By Michael C. Dennis, MBA, CBF

International Credit Articles

Here is an outline of an export credit policy. It is intended as a guideline. Not all of these ideas will be appropriate for every company and in every situation:

The credit department shall function under the supervision of the ________, and its activities shall be coordinated with overall corporation policy and the activities of the
sales department.

The primary goal of this policy is to avoid extending credit to customers who are unable to pay their bills. The policy contains specific documented guidelines related to credit granting authority, customer credit applications, and credit checks. This policy has a
direct effect on the profitability and cash flow of this business.

We recognize that a credit policy that is too strict will turn away potentially profitable customers, slow sales, and eventually lead to a decrease in cash inflows. An export credit policy that is too liberal will attract slow paying customers, reduce accounts receivable turnover, and eventually lead to cash inflow problems and bad debt losses. The credit department shall endeavor to find the right balance; that is, to maximize profits while trying to achieve the lowest possible days sales outstanding [DSO] and bad debt loss.

This policy will be revised and updated from time to time to attract and retain creditworthy customers, but is intended not to have a negative impact on our cash flow and profits. Export credit decisions are influenced by the perceived credit risk, the dollar amount of the sale contemplated, our profit margins and our company's appetite for risk.

Within the bounds of sound credit practices, the credit department shall endeavor to find suitable terms to sell to every customer that the sales department presents. However, the decision as to what constitutes a suitable credit risk shall rest entirely with the credit department.

In the event of a dispute between sales and credit about the creditworthiness of an applicant company or customer, the ________ will be presented with the facts by both the credit manager and the sales manager, and make the final decision.

The credit department will consider two factors in reviewing each export sale. The first is the risk of payment default [or serious slowness] caused by the customer's financial problems. The second is the risk that actions taken by the government in the buyer's country [known as country risk or sovereign risk] may prevent us from receiving payment despite the customer's best efforts and intentions to pay us on time.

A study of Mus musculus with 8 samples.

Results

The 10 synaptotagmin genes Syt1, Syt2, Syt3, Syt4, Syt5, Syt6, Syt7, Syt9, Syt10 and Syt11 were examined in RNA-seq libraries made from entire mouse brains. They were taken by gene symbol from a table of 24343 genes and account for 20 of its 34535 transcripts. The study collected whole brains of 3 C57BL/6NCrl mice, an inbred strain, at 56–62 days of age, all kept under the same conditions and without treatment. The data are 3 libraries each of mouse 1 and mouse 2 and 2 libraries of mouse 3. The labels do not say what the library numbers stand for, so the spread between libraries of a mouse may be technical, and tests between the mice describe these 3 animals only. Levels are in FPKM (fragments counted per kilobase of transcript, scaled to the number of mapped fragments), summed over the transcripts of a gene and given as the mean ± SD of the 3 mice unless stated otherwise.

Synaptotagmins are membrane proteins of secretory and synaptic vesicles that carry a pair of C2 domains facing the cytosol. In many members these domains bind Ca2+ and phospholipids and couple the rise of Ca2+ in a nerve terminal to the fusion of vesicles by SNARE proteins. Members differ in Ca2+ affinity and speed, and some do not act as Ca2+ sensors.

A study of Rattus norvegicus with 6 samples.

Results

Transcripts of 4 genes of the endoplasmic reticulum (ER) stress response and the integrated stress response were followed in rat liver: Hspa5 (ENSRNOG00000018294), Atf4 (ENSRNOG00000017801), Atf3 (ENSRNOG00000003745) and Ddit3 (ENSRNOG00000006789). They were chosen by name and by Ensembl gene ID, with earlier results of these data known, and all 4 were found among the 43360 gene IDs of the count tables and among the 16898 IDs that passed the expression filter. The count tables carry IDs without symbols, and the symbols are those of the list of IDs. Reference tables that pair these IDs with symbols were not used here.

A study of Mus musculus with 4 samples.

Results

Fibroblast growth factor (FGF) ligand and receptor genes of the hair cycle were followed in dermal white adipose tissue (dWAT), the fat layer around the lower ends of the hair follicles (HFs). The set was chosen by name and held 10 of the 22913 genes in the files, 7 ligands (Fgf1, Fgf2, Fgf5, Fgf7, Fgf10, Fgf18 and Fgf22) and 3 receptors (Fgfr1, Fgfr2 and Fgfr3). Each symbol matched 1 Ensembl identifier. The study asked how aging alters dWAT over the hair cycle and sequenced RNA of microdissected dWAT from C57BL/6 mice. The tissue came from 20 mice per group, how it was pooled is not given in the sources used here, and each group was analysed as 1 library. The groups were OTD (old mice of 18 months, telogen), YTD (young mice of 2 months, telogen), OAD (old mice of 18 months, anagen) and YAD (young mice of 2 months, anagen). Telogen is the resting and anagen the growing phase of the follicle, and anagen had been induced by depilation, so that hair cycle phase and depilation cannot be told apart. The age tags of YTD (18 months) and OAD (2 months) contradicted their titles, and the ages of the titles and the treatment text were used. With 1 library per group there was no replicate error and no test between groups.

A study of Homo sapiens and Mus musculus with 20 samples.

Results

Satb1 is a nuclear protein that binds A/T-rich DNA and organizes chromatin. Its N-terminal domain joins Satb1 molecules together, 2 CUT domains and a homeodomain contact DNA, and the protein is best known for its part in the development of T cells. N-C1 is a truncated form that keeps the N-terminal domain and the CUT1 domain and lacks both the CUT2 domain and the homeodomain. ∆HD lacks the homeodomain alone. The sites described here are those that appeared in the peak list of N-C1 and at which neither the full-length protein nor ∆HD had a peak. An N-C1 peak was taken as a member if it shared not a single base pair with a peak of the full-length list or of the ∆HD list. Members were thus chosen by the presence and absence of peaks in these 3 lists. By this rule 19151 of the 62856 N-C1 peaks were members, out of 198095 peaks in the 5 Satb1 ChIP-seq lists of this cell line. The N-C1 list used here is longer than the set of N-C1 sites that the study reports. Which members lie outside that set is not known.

Foreign customers requesting open account terms will be required to provide: three U.S. trade references, and a bank reference. We will obtain a credit report using our current contract. For credit limits in excess of $25,000 [US $] we will request the applicant provide a copy of their two most recent year-end financial statements. We will require [rather than request] the same level of financial disclosure from any foreign customer
requesting open account terms of $50,000 [US $] or more.

If the agreed upon terms of sale are letter of credit, the credit department will send the applicant our standard letter of credit instructions. Only changes approved by the credit manager to these standard terms will be acceptable to the company. Product will not be released and shipped until we receive a certified copy of the original Letter of Credit that is acceptable to the credit department, assuming that the issuing bank is acceptable to the
credit department.

The collector assigned to handle the account will contact each foreign customer with a past due open account balance at least once a week. These customer contacts are to be businesslike and dignified. The collector will discuss with their manager the status of any foreign account that is more than 30 days past due at least once every two weeks. Credit holds will be considered once any foreign account is more than 20 days past due...and holds will be imposed automatically if any foreign account becomes more than 30 days
past due --- unless the credit manager overrides the credit hold.

Recognizing the risks inherent in doing business internationally on open account terms, every active account must be updated at least once a year. Customers with credit limits in excess of $100,000 shall be updated at least every six months. Customers with credit limits in excess of $250,000 will be updated and re-evaluated at least quarterly.

We will require all invoices to be denominated in U.S. dollars, and require that all Letters of Credit terms will require payment in U.S. dollars.

This company will observe both the letter and the intent of the laws governing export sales. These include: The Foreign Corrupt Practices Act, various Federal Anti Boycott laws, and the various export control laws and regulations.

Any person with authority to release export orders or approve terms must first demonstrate a detailed knowledge of these federal regulations. No member without explicit authority to approve and released pending export orders may do so under any circumstances.